HENLEY-ON-THAMES, England -- Ending a superb rowing season with a loss -- even against an Olympic crew picking up racing experience in the run-up to Athens -- could sting a crew accustomed to winning.

But after falling to the Dutch Olympic eight in the Grand Challenge Cup men's open eights event yesterday at the Henley Royal Regatta, the Harvard men's varsity showed few signs of disappointment.

"They have no regrets," Harvard coach Harry Parker said. "They raced very hard against a very good crew, and are very happy with the effort. They knew the risk, and they're glad they took it."

After launching in a downpour, Harvard raced a tenacious, courageous race in the final of the Grand Challenge, closing on the Dutch in the final quarter-mile to finish two-thirds of a length behind.

The Dutch crew took a quarter-length lead in the first quarter-mile, and increased their rating to 37 strokes per minutes approximately 900 meters into the course. The tactic gave the Dutch a full-length advantage near the mile mark when the Dutch crew edged into Harvard's water briefly, and were steered by the umpire.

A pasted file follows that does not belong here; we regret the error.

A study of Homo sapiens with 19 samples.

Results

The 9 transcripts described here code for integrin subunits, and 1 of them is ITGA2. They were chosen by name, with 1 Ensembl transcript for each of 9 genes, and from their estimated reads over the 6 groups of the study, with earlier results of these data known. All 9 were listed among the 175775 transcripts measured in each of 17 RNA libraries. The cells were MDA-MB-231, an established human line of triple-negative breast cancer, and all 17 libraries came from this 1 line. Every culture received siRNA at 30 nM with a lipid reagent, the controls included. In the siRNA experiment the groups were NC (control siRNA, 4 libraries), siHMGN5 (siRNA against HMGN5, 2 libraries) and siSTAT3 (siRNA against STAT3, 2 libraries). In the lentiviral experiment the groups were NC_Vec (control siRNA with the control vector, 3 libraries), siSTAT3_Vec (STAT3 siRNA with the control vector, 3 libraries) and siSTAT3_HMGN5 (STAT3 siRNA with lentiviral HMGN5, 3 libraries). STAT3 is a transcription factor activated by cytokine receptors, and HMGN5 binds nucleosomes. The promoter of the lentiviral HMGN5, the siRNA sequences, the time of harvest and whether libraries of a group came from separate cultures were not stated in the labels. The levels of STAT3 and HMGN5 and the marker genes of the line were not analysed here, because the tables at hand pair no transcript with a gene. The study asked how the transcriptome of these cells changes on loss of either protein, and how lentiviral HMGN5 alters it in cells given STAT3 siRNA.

Harvard capitalized on the Dutch error to draw within three-quarters of a length, and then within two-thirds of a length, but could get no closer.

Racing later in the day in the Ladies Plate (one category below the Grand Challenge, and most often the domain of collegiate varsity eights), the second varsity's chance to put a Harvard crew on the medal stand evaporated when the top Leander crew blasted out of the gates to take a lead of three-quarters of a boat length in the first quarter-mile. The Leander crew kept the pressure on early, and had clear water by the halfway point, and two full lengths by the mile mark. The Harvard crew mustered an admirable charge at the finish, recovering all of the open water, but could not take back enough, and lost by an official margin of three-quarters of a length.

Two US crews won their Henley events: in the Princess Elizabeth Challenge Cup, St. Paul's School of Concord, N.H., beat Abingdon; and single sculler Cindy Bishop of Riverside Boat Club won the Princess Royal Challenge Cup over R.A.H. Geyser of South Africa.